The role of regulators
Since FDA can't require manufacturers to keep producing any particular drug, the regulatory agency is limited in ways it can
mitigate drug shortages.
In the case of MNVP shortages, Peralta says FDA creates an action plan, which may include holding discussions with manufacturers
and others in the animal-health industry, speeding up the animal drug-review and approval process, and exercising enforcement
discretion by opting to not strictly enforce approval requirements found in the Federal Food, Drug and Cosmetic Act.
FDA has not changed any policies surrounding the management of MVNPs as a result of shortages but did respond to the problem
by appointing Peralta to the position of full-time drug-shortage coordinator in January 2011.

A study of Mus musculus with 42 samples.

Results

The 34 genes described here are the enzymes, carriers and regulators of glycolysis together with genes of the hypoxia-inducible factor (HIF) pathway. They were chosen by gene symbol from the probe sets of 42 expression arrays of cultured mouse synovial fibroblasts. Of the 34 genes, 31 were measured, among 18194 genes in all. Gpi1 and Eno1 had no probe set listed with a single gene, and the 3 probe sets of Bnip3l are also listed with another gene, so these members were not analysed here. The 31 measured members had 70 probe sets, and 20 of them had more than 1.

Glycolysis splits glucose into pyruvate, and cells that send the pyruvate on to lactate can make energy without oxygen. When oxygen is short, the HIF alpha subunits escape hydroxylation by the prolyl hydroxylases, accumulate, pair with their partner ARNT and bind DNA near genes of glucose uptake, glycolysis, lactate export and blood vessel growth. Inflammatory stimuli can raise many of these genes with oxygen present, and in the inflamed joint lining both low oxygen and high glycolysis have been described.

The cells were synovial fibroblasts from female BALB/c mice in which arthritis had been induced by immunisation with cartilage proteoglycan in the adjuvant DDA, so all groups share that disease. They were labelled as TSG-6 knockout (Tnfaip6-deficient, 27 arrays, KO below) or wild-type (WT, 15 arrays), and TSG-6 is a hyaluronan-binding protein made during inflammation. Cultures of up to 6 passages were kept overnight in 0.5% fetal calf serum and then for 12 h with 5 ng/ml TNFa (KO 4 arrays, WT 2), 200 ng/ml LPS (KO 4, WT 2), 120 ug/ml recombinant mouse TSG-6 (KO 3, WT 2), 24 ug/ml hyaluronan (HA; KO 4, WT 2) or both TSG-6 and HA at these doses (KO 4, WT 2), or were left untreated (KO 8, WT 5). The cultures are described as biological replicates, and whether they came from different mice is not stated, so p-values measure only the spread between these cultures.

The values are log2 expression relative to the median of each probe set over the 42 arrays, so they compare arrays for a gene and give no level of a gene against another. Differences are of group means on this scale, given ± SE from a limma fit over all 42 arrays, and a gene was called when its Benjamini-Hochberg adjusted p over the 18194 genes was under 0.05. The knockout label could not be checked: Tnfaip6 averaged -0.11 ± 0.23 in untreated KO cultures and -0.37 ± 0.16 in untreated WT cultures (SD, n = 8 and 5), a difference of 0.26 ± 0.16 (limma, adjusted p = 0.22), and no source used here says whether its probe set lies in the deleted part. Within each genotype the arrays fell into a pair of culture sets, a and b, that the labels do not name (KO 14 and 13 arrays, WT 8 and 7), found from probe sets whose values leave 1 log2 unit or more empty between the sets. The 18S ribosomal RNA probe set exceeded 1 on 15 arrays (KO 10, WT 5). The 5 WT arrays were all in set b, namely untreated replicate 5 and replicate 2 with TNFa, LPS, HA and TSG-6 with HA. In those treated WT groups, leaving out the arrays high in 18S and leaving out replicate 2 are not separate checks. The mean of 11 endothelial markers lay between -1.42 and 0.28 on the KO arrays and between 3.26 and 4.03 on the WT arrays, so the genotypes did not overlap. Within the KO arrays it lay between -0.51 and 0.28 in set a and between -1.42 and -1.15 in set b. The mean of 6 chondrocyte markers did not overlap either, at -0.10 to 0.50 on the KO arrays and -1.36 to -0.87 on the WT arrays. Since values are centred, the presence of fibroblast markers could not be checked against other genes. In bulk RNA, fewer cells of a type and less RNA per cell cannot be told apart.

The agency tries to keep watch and prevent shortages but says manufacturers are not required by law to notify federal regulators
of impending shortages.
Even when shortages can be resolved, though, there are often problems with the price of the newly restored drug stock. Jordan
says she has seen prices increase by several hundred percent after shortages are resolved.
But if a drug shortage becomes a reality, she says practitioners should contact their local veterinary medical association
or veterinary college for assistance in identifying alternative suppliers in some shortage situations.
Hohenhaus also suggests taking cues from colleagues for solutions.
"When you go to meetings and (events), listen to what colleagues are saying and ask how they are handling shortages. Listen
to the drug reps," she says. "Pay attention to what's out there and talk to people."